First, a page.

ALASTAIR CURTIS reviews the world premiere of Caryl Churchill’s new play, Here We Go, at the National Theatre.
‘It comes at you suddenly, doesn’t it?’ Death that is, though the character could easily be describing Caryl Churchill’s new play. In a nifty forty minutes Here We Go goes to the afterlife and back again. The succinctness of the play, though, is not for lack of material; rather, it constitutes a critique of the way in which we hurry unthinkingly through our short lives, and where death, as a part of everyday discourse, is treated with flippancy. Forty minutes: in, out, ‘what time does the bar close?’, done.
But someone’s died. An elderly man, played by Patrick Godfrey, killed by a Tube train, or possibly by old age – nothing is certain. In the play’s standout scene, he delivers a monologue from beyond the grave, standing haggard and half-naked in an unsettling but not altogether humourless recreation of Munch’s ‘Scream’. He tries to relate what he sees in front of him. Churchill’s play, though, has a tendency to mystify rather than elucidate and we struggle to get a handle: is he in hell? heaven? purgatory? All of the above? Churchill’s afterlife is a cocktail of ancient myth and modern religion: the Pearly gates stand alongside the Egyptian and the Nordic Gods, who ‘sit round the table drunk’.
It’s typical of Churchill to emphasise our place within the natural world, minimising our lives to the recycling of atoms with all the zeal of a school science teacher. Godfrey disappears in a puff of smoke, mid-sentence: food for worms. More uncharacteristic of Churchill, though, is the relative naturalism (a trip to the afterlife aside) of Here We Go. It marks something of a departure from the mythical quality of her epic post-apocalyptic plays, like The Skriker or Far Away, where the world is spinning into chaos. The one life imperiled here is that of a elderly, sick man; important, yes, but in the grand scheme of things, with a world on the edge of war and ecological disaster, one life ‘is a speck of sand in a desert’.
The triptych of scenes in Here We Go set out to reconstruct the life of this man. At his funeral party his story becomes clearer, nuggets of information sieved from an endless stream of small talk: he was a thrice married, red flag-waving man accompanied into old age by his ginger cat. Perhaps more than any other playwright, Churchill has an ear for the natural rhythms that typify everyday language: the ums and ers of the party guests, the euphemisms and false-starts, the half-finished sentences that trail away into mournful silence. The guests’ chatter is more platitude than pith, making the ceremony feel a mere matter of routine – not least when (we’ve all been there) they start comparing this funeral to others they’ve been to.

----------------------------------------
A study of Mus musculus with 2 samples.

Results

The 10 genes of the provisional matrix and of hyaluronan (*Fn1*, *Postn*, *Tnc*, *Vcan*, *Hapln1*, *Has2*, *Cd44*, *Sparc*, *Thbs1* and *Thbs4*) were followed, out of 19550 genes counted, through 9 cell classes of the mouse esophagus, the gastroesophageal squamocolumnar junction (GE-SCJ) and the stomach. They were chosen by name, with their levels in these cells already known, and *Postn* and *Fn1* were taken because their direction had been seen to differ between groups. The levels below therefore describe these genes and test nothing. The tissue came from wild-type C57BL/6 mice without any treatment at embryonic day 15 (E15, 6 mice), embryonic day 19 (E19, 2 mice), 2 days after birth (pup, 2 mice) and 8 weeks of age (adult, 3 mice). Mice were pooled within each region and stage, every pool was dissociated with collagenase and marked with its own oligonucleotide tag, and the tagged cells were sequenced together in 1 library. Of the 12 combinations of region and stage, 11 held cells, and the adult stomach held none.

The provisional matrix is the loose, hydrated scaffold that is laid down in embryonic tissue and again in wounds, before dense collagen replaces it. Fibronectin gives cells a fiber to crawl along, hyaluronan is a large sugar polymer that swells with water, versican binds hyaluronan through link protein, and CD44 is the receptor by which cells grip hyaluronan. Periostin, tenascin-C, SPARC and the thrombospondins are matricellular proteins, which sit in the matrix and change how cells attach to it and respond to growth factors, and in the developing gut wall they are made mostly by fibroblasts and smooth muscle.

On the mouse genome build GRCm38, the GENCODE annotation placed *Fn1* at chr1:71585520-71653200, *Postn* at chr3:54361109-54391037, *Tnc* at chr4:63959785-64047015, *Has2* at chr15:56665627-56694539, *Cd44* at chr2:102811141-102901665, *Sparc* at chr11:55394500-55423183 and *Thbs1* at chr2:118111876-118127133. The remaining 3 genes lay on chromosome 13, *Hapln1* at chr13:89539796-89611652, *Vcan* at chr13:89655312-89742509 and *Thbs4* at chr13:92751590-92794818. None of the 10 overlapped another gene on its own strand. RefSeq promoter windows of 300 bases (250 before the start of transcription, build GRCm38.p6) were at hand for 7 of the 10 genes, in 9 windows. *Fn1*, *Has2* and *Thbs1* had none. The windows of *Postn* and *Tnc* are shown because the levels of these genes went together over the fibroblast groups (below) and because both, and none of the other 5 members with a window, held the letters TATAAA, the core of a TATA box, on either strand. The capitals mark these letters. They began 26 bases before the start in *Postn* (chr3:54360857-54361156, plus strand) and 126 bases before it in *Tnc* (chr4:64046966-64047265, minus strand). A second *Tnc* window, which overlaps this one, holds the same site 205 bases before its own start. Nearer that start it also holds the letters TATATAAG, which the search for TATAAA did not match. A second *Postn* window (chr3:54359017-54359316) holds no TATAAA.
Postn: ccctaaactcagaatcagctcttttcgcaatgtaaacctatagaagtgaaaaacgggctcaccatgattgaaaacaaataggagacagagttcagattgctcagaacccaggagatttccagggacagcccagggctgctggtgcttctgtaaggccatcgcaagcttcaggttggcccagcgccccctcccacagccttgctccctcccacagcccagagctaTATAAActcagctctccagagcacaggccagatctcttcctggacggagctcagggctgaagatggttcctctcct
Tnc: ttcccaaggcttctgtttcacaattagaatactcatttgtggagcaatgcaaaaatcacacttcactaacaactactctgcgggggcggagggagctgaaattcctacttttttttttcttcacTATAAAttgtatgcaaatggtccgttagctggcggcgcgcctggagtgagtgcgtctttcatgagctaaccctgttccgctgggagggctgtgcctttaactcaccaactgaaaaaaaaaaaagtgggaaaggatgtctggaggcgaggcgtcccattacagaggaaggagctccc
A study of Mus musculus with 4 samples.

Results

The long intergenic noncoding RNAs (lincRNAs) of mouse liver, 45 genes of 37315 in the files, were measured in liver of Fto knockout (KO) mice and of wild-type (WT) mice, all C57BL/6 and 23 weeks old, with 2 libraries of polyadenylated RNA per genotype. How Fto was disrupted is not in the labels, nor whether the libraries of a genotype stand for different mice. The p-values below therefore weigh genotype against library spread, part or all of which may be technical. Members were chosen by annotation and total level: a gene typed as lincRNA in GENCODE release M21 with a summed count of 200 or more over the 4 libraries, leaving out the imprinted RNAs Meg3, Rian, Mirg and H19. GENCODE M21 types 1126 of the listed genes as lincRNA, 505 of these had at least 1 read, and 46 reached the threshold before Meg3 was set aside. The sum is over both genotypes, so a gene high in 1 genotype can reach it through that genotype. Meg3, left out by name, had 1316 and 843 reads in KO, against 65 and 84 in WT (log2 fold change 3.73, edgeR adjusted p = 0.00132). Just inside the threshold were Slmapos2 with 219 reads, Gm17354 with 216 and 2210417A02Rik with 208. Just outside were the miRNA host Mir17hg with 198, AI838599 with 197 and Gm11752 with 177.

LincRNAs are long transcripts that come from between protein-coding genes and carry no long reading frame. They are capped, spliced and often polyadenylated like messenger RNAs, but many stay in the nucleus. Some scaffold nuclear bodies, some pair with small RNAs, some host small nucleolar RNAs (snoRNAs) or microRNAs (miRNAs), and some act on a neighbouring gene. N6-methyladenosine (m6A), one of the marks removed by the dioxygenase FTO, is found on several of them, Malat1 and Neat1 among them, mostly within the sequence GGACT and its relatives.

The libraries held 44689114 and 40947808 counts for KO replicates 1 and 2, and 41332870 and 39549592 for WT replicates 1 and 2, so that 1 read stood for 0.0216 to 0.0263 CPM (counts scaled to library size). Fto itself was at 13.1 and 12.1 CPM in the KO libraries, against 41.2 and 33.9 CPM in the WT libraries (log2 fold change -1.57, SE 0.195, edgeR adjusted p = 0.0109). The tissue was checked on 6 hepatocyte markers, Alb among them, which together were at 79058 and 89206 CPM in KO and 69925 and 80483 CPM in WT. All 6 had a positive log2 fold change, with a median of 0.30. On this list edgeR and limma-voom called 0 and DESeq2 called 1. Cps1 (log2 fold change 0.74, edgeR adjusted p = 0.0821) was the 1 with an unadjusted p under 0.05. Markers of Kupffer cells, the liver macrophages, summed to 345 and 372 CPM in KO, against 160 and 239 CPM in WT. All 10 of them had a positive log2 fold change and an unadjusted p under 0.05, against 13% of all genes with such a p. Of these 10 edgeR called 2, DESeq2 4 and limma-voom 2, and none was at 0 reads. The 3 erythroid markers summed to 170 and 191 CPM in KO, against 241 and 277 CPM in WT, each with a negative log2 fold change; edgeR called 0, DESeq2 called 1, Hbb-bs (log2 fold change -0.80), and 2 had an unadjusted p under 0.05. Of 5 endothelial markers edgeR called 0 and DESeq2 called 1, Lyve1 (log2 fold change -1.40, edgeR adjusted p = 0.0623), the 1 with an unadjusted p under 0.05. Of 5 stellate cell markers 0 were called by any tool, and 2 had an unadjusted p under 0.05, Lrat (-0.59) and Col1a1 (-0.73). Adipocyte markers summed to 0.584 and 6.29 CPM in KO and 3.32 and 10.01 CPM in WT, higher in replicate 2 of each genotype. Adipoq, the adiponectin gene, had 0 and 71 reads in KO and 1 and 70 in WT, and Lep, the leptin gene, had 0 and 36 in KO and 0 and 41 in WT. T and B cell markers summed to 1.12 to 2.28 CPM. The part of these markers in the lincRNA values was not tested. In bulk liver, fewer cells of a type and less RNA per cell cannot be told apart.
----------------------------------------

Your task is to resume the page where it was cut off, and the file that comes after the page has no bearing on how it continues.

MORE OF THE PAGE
Eleanor Matsuura, Joshua James, and Susan Engel stand out, but Churchill’s focus is the bigger picture: a tapestry of bored guests, meandering in and out of the doors of Vicki Mortimer’s expressionless set. They walk off, do a 360, return, nattering all the while. The play’s title is a red herring; Churchill’s characters, like their conversation, go nowhere. It’s not as if Godfrey’s up to much either. In the third scene, before his death, he changes clothes and hobbles with painful difficulty from his bed to his armchair, helped by his carer. The scene repeats like a broken record – and not a word is uttered for, according to Churchill’s script, ‘as long as the scene lasts’. It ends up feeling like a very, very long time.
In fact, the silence and repetition are protracted to the point of exasperation, interrupted only (at least on the night I went) by the noise of seats being abandoned. Dressed and undressed, dressed and undressed; our compassion slides and our impatience grows as the play eludes a conclusion. Let’s be frank though: the conclusion for this sick and elderly man is death. So his continued act of living – and it’s a monotonous life at best – oh-so selfishly prevents the house lights from going up. The play would be over a lot quicker if he just gave up the ghost. Daringly, provocatively, radically, Churchill implicates us in the death of the old man. The offence: our own impatience.
Fifteen minutes later we file out. Someone’s died, there’s blood on our hands – but at least we don’t miss the next Tube.
Here We Go is running until 19th December. For more information and to book tickets go to http://www.nationaltheatre.org.uk/shows/here-we-go.